Credit: Bonnie Mendelson , Bonnie Mendelson

Father Jim Martin: Wharton graduate, Jesuit priest...and film consultant?

Martin, a 1982 Wharton graduate and former Daily Pennsylvanian cartoonist, has led an eclectic career since leaving Penn: a job in corporate finance for six years at General Electric, a life change to become a priest in the Jesuit order in 1999 and now, a consultant on director Martin Scorsese’s passion project, the film “Silence,” starring Liam Neeson and Andrew Garfield. On Tuesday, Martin premiered the film in a special screening at the Vatican.

Scorsese, who for a long time has wrestled with his devout Catholic upbringing, based the film on the 1966 novel of the same name by Japanese author Shusaku Endo. It tells the story of two Jesuit missionaries in Japan during the country’s isolationist period when Catholics were persecuted and tortured for their faith.

The DP exchanged emails with Martin, who has been in Rome to premiere the film, to learn more about his experience working with Scorsese and his own spiritual growth since Penn.

DP: In general, how was working with and advising Martin Scorsese? Perhaps what was the capacity in which you consulted him? Was there a spiritual conversation or was it more consulting on technical aspects?

JM: It was a deeply moving experience. In essence, I helped in a few areas: First discussing with Mr. Scorsese and his co-screenwriter, Jay Cocks, the script in various stages. They were very open to my suggestions about how to make it more faithful to what a Jesuit would say and do in particular situations. And the conversations were both technical (how would someone celebrate Mass, for example), but also more spiritual (what a Jesuit’s response be to a period of spiritual silence might be.) Second, helping the actors, especially Andrew Garfield, whom I led through what we call the Spiritual Exercises, an intensive program of prayer and meditation, which took over six months.

DP: More personally, what defined your transition from man of the suit to man of the cloth? What sparked it and made the Jesuit order stand out?

JM: Well, I had gone to Wharton as an undergrad and then took a job at GE in New York. Wharton is, needless to say, an excellent school, and GE was a great place to work, but eventually I discovered that I was in the wrong place. One day I came upon a TV documentary about the Trappist monk Thomas Merton, and that prompted me to think about religious orders. Then a chance remark from a priest led me to the Jesuits. And what I liked most about them was the variety of their ministries: you have Jesuit scholars, pastors, physicians, social workers, and on and on. That appealed to my sense of adventure.

DP: The stereotypes of Wharton as a place that worships money abound — do you find them accurate?

JM: Remember, I graduated in 1982, so things may have changed. But I have to say, sadly, I did find some of that in the air when I was studying there. I received a superb business education, and was readied for a great career, but not once did anyone ask me the most important of questions: What are you made for? What would you most want to do with your life? Perhaps professors and advisers assumed that I knew that already, being at Wharton, but those essential “vocation” questions, which all young people need to hear, were not asked.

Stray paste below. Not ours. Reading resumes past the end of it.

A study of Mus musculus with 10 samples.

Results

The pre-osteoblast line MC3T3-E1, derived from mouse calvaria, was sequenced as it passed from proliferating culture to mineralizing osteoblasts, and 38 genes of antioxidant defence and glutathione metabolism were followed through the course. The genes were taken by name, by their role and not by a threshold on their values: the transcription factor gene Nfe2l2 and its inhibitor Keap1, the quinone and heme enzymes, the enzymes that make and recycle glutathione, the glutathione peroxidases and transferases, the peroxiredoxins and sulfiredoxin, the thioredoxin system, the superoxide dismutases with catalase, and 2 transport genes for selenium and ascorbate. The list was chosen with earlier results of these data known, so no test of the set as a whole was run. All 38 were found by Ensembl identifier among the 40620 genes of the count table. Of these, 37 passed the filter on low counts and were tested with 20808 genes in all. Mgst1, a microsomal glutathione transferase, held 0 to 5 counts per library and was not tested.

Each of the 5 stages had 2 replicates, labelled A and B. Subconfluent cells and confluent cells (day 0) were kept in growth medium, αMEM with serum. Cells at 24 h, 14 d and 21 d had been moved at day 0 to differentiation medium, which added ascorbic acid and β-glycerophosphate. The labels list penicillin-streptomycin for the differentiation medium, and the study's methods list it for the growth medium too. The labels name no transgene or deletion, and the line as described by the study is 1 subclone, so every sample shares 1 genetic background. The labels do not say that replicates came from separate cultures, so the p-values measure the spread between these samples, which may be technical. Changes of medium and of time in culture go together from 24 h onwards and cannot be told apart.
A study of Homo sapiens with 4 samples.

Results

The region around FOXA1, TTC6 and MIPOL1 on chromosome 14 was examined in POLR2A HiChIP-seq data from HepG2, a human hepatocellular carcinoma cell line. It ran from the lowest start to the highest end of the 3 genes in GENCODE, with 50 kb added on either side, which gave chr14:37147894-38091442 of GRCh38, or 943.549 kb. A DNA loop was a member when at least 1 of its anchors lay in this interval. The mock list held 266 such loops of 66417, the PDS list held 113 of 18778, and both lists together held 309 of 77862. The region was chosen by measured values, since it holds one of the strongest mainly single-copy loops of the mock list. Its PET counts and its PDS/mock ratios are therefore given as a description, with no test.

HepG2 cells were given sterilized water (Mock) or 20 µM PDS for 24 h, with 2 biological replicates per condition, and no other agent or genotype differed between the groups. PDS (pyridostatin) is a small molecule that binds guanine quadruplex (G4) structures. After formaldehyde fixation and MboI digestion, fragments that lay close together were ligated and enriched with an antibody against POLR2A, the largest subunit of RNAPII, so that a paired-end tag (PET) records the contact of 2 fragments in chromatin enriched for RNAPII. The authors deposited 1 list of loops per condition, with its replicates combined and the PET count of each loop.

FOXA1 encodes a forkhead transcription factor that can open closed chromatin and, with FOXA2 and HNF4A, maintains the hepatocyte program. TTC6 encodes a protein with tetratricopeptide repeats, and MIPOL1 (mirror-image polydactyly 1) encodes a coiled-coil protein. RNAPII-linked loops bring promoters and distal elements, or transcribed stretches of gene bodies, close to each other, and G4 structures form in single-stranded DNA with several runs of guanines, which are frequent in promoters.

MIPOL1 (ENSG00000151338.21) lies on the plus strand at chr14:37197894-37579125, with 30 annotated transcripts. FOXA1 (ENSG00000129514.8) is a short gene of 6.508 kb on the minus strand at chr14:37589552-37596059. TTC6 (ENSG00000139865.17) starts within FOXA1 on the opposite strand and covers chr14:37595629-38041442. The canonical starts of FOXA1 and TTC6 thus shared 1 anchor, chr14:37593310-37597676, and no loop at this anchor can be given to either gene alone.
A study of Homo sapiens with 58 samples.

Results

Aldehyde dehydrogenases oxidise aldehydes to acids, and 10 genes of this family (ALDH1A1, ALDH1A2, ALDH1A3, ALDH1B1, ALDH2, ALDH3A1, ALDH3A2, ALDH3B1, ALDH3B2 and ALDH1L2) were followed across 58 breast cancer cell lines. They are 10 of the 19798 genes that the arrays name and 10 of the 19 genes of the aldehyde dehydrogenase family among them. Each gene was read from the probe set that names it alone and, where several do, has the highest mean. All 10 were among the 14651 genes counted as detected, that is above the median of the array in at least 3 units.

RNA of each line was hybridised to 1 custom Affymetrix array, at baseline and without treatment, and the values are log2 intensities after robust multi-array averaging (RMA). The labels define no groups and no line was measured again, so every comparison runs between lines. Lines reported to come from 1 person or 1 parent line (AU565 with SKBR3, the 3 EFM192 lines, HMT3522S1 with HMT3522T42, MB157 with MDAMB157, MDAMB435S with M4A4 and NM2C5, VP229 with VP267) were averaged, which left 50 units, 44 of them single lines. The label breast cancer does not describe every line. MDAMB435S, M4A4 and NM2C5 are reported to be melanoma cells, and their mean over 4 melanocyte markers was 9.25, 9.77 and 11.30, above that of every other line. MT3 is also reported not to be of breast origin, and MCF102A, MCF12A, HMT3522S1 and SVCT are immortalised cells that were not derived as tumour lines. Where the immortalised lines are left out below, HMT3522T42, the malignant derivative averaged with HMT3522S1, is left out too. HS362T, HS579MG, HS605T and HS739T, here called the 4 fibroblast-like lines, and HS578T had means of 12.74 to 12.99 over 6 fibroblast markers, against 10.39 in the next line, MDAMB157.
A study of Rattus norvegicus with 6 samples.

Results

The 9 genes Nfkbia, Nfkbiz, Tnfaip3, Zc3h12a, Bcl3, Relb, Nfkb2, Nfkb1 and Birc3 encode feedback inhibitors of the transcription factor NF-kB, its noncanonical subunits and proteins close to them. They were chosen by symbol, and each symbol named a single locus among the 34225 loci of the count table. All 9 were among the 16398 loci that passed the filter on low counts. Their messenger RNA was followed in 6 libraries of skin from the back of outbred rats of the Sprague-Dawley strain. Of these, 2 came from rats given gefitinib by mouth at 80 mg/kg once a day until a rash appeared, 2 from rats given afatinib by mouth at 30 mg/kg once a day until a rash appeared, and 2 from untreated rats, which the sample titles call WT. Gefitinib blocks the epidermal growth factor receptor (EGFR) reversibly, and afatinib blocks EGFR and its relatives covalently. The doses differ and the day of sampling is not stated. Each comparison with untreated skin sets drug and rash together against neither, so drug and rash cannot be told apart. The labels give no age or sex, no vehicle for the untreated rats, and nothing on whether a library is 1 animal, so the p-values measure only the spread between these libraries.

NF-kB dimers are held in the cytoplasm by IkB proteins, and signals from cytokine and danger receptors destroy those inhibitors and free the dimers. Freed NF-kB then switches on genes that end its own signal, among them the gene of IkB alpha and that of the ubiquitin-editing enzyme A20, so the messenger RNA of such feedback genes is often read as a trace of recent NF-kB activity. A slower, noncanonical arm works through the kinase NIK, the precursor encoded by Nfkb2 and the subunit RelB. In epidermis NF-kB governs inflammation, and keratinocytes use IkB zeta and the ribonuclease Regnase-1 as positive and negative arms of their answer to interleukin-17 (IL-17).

DP: Is there any overlap with Scorsese’s long relationship with the Catholic faith and your spiritual direction?

JM: Oh yes. Mr. Scorsese’s long relationship with the church has been, as he described it last night in a talk in Rome with us Jesuits, a “pilgrimage.” We all are traveling along a road when it comes to the church, and it can be smooth at times and bumpy in others. I feel much the same. It’s like any relationship, after all.

DP: How do you think your time at Penn and Wharton prepared you for meaningful and positive life? There is a social impact aspect of Wharton, but that is sort of pigeonholed. If things lacked, what advice do you have for Penn grads who seek to be better people?

JM: Penn changed my life. How could it not? It’s an amazing place. For one thing I am still close to my friends — many of whom I met in my freshman year at the Quad (Speakman [Hall], to be exact). Friendships like that always change your life. Second, my studies at Wharton really did help me to understand the world better. I often smile when I meet Jesuits who rail against corporate America or the business world, without really knowing much about the topic. So Wharton helped me to understand the way much of the world works.

As for advice to Penn students? I suppose it would depend on the Penn student. But in general I might say that Penn, while one of the greatest universities in the world, sometimes has a rather professional aspect to it. Maybe is colored by my experience at Wharton, and maybe this endemic in the 1980s but it sometimes felt that the mission of Penn was to help you get a good job. And that’s rather limiting. So my advice might be to try to prepare yourself not for a good job but a good life. What courses, situations, encounters, and so on, will help to, as we Jesuits say, “form” you into a good person?

DP: What about other alumni who find themselves in positions of high political power?

JM: Well, one of them is about to become president. But I’d say the same to all alumni in any position of high power, political or otherwise. Make decisions that are based not just on the bottom line, or on advancing your career, but on morality and the common good. Also, always ask yourself, “How will what I do affect the poor?” And if you are in a position of power make sure that you still encounter and accompany those who are poor and struggling.

This interview has been lightly edited for style and condensed.